We know the festival as Succot, the Feast of Booths, but here the Torah uses its other, probably older name, the Feast of Ingathering. Farmers would gather their harvested crops in from the field and the orchard, for protection from the winter rains. After our spiritual outpouring on the Days of Repentance, Succot is a time of refreshment, for gathering in the succah with family, community and guests, a time for joy.
A few chapters earlier, in an almost identical verse (Exodus 23:16), the Feast of Ingathering is said to be "at the end of the year," but here it's "the turn of the year". In between these passages, the Israelites have experienced a terrible trauma: Moses's long absence, their worship of the Golden Calf and God's threat to destroy them utterly, averted only by Moses's pleading.
Talk of endings might now seem too final, too dire. The year ends, but now we're reassured that it returns as well. Winter is coming, but spring will soon follow. Our circling of the synagogue with the lulav during Succot, and then with the Torah scrolls on Simchat Torah, echo this turning of the year, the cyclical nature of time.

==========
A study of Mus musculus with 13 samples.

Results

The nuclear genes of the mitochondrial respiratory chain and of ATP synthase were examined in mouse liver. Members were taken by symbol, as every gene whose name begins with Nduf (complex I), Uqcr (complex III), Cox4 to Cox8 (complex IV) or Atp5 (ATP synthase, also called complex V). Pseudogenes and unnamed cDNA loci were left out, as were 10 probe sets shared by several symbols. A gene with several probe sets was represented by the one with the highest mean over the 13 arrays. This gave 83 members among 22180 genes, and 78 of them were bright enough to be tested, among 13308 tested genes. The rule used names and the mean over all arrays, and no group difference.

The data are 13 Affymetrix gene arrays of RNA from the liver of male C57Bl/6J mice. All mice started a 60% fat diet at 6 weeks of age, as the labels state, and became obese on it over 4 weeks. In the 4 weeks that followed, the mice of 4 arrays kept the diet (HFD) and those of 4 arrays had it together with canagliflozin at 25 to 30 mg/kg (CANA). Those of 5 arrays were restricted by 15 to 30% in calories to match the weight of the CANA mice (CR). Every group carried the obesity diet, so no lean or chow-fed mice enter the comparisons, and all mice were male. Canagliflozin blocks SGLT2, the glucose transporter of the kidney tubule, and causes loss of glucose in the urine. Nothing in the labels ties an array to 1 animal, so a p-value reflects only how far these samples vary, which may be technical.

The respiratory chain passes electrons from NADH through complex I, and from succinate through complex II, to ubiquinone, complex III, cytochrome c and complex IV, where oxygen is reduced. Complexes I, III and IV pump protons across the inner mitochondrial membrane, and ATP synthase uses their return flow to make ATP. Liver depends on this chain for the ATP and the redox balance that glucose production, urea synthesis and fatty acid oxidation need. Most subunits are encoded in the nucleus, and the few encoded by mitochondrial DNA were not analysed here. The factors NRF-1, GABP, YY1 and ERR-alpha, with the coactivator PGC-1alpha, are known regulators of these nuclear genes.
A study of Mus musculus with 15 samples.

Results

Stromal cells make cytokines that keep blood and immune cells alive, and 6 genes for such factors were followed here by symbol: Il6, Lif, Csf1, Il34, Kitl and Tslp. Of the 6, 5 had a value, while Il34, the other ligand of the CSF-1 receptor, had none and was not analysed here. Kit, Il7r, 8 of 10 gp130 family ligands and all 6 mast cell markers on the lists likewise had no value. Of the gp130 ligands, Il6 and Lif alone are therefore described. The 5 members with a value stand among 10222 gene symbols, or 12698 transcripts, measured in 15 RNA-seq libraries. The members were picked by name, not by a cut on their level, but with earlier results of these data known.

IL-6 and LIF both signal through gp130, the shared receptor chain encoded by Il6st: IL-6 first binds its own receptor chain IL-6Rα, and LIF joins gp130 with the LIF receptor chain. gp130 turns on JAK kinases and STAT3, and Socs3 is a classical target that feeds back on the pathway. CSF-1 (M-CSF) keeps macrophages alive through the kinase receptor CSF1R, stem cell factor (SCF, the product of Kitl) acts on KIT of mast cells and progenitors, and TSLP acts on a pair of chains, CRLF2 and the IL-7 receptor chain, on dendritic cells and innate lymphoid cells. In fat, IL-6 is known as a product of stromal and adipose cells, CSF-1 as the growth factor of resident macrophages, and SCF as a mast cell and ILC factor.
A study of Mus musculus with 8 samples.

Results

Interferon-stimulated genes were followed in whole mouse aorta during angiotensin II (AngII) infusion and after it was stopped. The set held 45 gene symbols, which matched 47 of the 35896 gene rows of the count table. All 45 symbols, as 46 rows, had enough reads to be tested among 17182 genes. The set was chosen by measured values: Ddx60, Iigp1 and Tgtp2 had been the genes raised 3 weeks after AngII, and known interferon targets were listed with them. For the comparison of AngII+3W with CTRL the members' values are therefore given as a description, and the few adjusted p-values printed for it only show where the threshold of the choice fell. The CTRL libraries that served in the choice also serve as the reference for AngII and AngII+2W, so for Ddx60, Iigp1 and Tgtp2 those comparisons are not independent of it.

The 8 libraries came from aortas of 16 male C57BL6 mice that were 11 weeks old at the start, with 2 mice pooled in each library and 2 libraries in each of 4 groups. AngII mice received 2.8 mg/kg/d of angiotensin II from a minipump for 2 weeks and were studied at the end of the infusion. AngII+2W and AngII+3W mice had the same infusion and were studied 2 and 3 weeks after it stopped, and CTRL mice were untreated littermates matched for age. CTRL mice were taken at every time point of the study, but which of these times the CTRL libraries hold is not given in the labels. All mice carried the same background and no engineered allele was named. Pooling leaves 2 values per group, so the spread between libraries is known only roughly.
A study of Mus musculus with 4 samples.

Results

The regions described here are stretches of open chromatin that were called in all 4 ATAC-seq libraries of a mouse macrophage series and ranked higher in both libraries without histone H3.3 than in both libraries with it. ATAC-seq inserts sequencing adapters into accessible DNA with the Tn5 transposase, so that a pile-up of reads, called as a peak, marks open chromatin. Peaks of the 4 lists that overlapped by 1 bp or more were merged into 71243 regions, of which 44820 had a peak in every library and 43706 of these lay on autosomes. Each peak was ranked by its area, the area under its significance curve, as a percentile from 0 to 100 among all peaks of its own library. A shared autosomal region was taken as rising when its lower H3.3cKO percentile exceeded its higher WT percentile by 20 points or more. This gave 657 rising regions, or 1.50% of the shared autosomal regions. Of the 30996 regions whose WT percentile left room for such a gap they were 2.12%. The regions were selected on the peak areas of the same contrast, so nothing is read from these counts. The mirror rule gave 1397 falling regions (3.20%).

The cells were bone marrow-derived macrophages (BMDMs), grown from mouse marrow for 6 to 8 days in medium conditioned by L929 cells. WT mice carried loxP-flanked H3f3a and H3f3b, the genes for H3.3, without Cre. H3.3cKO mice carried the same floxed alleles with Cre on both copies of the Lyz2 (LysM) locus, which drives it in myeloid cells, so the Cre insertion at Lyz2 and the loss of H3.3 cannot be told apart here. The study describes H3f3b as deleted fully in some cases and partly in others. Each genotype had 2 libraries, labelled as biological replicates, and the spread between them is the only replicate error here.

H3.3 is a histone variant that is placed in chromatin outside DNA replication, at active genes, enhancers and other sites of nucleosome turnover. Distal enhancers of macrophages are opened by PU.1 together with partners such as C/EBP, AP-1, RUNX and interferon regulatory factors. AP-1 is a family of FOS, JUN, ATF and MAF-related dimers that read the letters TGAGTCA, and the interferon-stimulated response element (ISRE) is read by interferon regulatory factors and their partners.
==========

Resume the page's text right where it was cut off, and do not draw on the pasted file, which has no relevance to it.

As we watch the pound tumble, Europe crumble, Aleppo shatter under Russian bombs, peoples moving across continents and the future of the Western world hang on the choice of American voters, our foreboding might overwhelm us. The book of Kohelet, read on Shabbat Chol Hamo'ed, is filled with a sense of the futility of things, as history repeats itself.
Yet the author maintains that God "brings everything to pass precisely at its time" (Ecclesiastes 3:11) and what we cannot change, we must endure, for this too shall pass. He concludes (verses 12-13) that "the only worthwhile thing is for [people] to enjoy themselves and do good in their lifetime… this is a gift of God".